I first read "84, Charing Cross Road" in 1970 when it was excerpted in Reader's Digest, which made me borrow the full copy from the library. In 1982, while visiting a friend in NYC, we went to see the Broadway stage production which had been fashioned from the book, starring Ellen Burstyn and Josef Sommer. It was very interesting to see the set, where half of the stage area was Helene Hanff's NYC apartment and the other half was the Marks & Co. bookstore.
I moved to NYC in 1985 and my first job was at the Doubleday Book Shop at 673 Fifth Avenue, at the NE corner of 53rd Street. (It is no longer there; Nelson Doubleday having sold the bookstores which bore his name to Barnes & Noble,which only kept the larger shop down, the street at 724 Fifth Avenue across from Trump Tower, but it can be seen in "The Boys in the Band", "The Owl and the Pussycat", and "The War Between Men and Women".) I worked there until 1988, my final position being one of the assistant managers. Helene Hanff loved that book store and came by regularly to see the staff and autograph copies of her famous book. I got to meet her and told her of my love of her book, play, and the David Jones film with Anne Bancroft and Anthony Hopkins, and in my copy, she inscribed, "To Ron, of my favorite Doubleday bookshop - the kind of fan every author should have! Helene Hanff".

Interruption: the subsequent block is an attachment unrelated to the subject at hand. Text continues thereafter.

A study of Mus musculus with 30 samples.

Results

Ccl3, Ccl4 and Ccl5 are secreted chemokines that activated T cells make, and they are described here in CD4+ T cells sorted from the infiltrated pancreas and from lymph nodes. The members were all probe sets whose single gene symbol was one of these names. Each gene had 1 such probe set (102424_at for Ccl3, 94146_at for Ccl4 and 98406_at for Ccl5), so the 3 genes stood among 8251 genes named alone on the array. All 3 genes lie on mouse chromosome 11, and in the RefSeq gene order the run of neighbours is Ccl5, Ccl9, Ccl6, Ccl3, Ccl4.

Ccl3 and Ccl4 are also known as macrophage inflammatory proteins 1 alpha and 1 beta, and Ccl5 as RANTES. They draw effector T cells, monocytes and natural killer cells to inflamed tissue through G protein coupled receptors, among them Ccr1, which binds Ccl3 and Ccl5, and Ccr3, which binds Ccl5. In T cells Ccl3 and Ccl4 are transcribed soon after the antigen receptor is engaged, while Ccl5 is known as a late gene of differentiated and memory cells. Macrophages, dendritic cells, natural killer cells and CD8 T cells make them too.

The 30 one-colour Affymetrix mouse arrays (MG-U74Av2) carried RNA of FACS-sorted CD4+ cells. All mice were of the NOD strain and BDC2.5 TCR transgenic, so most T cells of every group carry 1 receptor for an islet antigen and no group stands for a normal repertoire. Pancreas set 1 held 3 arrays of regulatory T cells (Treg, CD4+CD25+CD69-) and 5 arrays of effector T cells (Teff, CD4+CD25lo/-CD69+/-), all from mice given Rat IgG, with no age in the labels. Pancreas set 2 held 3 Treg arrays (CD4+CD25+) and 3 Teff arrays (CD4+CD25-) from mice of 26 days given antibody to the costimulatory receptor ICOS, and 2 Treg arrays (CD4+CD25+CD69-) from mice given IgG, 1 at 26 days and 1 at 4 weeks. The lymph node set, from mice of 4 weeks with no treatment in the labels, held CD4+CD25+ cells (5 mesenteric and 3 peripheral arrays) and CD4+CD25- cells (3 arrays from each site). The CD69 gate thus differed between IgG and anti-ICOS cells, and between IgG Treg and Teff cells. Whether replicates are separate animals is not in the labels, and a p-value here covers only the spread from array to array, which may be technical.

Like Helene, when I finally made it to London in 1990, the Marks & Co. bookstore was gone, but we did manage to find the spot where it had stood. Yes, there was a plaque outside and it was at that time a record shop, but copies of the books she wrote were on sale inside. So, at least for me, like Helene says in her book..."whatever you go looking for in London...it's there." It was!
I write this in tribute to a wonderfully feisty woman who will always be with us, thanks to Anne Bancroft's magnificently warm portrayal (although Ellen Burstyn was equally good). When she died April 9, 1997, I clipped the obituary from the paper and tucked it inside my copy. Bravo, Miss Hanff!
That's wonderful that you actually met Helene Hanff. Her letter to me was so warm and pleasant, I can easily imagine how much fun she must have been in person.